Now that the Elephant Ears are out of the ground, it’s time to turn my attention to the Canna forest that is my yard. The truth is, I never intended to have a Canna forest — things just got out of hand over the years as corms grew and became easy to divide, or I found new leaf patterns or bloom colors and I thought I needed to have three of each.
I live in Zone 6 and I have tried to overwinter some Canna in the ground, but I have had no success. I’ve mulched them and planted them along the south-facing side of the house, but to no avail. So whether you have a few stalks or a forest, this is what you will need if you live in a northern climate and would like to save your Canna for future summers: garden clippers, shovel or pitchfork, stamina.
Step 1: For the sake of this demonstration, I dug the Canna first. You could also trim the stalk and then dig out the corm. Either way, pry up the plant, being careful to not damage the corm with your garden tool.
Step 2: Leave about 8″ – 10″ of stalk. Actually, Canna can grow quite large, so for ease of trimming, it might make more sense to leave the corms in the ground, cut the stalks, and then dig out the plant.
Step 3: As sad as it is to do this job, there is a thrill each time I remove a corm from the ground. See that white bulbous shape and the group of purple-tinged tips peaking through the roots? That’s where next year’s growth will occur. Ah — the promise of next year’s garden! By the way, this is also a good time to remove any excess dirt. Don’t divide the corms; that’s a task that’s safer to do in the spring when you unpack them from their hibernation location.
Step 4: After the corms are out of the ground, I keep them in the potting shed for about a week. The setting is warm enough for them to dry a bit before packing away, but not so hot that they cook. Since I have several varieties, I group them in large plastic containers. I also store them upside down — mostly because my gardening bible, Better Homes and Gardens Complete Guide to Gardening, recommends doing that. I’m not sure of the reason, but I do as I’m told — and my gardening good book has never failed me.
Next Post: Saving Elephant Ears and Saving Canna — Part 2.
11 thoughts on “Saving Canna — Part 1”
All this digging is reminding me I must get out and dig up my dahlias in the near future. I hate to part with them when this is their peak time but we’ve had frost already so it’s time.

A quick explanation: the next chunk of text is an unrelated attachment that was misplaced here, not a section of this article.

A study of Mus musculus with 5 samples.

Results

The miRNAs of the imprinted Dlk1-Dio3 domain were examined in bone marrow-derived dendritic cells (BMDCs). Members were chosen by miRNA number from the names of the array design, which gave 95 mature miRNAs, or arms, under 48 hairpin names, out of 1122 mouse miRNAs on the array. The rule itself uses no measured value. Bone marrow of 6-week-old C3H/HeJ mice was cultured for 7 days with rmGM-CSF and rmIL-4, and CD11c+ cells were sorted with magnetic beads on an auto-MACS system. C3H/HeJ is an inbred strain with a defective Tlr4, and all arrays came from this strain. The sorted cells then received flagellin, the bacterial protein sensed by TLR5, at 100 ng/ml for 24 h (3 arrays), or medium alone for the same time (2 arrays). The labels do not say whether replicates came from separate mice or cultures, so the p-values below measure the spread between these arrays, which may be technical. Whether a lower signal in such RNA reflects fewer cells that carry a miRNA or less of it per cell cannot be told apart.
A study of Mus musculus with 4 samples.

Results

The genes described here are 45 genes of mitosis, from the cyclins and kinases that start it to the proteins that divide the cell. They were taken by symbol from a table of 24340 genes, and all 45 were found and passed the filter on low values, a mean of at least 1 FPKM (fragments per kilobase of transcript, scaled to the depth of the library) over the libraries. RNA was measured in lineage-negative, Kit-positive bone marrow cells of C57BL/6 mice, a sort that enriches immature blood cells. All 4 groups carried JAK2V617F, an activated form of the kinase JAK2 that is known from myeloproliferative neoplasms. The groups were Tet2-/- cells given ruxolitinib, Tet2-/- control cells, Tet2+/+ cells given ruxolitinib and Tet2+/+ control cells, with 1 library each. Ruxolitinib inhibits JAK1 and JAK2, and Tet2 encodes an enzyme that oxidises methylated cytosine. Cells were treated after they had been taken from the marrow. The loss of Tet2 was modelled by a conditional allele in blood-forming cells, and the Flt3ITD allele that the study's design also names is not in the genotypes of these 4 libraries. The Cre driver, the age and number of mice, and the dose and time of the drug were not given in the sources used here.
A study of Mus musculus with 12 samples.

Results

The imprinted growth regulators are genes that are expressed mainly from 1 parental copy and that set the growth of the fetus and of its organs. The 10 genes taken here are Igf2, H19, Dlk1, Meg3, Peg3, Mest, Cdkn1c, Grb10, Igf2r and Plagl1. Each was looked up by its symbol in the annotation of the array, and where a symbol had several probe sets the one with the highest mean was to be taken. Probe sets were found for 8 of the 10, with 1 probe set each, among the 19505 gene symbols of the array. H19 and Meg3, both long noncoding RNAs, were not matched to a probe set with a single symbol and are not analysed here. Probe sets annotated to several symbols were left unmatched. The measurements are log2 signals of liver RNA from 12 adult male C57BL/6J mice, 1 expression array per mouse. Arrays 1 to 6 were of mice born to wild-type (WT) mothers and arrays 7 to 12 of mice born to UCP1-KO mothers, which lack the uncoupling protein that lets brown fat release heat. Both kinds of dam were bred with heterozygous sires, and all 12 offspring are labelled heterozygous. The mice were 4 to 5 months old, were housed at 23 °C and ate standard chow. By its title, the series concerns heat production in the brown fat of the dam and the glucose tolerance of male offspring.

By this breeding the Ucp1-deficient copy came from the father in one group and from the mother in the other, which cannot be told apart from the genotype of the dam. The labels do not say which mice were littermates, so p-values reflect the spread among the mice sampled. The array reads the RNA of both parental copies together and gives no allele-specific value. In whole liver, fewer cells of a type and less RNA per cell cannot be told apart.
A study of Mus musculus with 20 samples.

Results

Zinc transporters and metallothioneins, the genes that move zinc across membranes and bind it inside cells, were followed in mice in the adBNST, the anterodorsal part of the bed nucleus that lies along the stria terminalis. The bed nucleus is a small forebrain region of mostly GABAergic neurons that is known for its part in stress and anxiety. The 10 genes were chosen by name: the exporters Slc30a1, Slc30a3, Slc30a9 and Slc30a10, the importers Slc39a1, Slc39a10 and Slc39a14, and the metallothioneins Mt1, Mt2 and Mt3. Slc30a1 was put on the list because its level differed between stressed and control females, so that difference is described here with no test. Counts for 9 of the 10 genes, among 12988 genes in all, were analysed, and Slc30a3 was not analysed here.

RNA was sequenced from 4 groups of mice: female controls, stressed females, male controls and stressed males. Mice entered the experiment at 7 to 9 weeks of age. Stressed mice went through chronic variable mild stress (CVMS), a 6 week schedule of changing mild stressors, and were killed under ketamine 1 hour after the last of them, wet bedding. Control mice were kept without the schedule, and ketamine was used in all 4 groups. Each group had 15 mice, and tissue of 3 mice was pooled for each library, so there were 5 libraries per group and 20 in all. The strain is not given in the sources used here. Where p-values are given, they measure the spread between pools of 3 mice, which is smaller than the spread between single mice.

It’s always so bittersweet at this time of year. Blooms are at their peak, giving the garden one last big flourish before frost. Perhaps you can clip the remaining flowers and bring those dazzling dahlias inside.
What a lot of work. A bit like overwintering the dahlias…..a job to do very soon,
Yes, it’s very much like overwintering dahlias. At one point, I was overwintering dahlias, caladium, gladiola, elephant ears, and canna. It really was a bit much — and now I have llimited myself to canna and elephant ears. Be well!
You just reminded me that it is also time to dig up and store the banana tree. I don’t have cannas but I do have an elephant ear plant. It’s in a pot and I just put it in the garage.
Glad I could help. . . ANd I’m sure the banana tree will appreciate it, as well. People from work also bring their potted elephant ear indoors — and they have had success. Cheers!
Thanks for the info, I have a black elephant ear and a tropicana canna in a large barrel planter that probably should be dug up and stored as you recommend.
You’re very welcome. The trick is in the overwintering location: it can’t be damp, can’t be cold, can’t be hot — like Goldilocks’ porridge, it has to be just right.
Good post Kevin! With every passing year, I try to save more and more plants. I like that you can ‘set it and forget it.’
Hey, Mario. Thanks for the compliment. I’m trying to weigh why I like saving plants: to save money or to say that I did it. Either way, I like the challenge.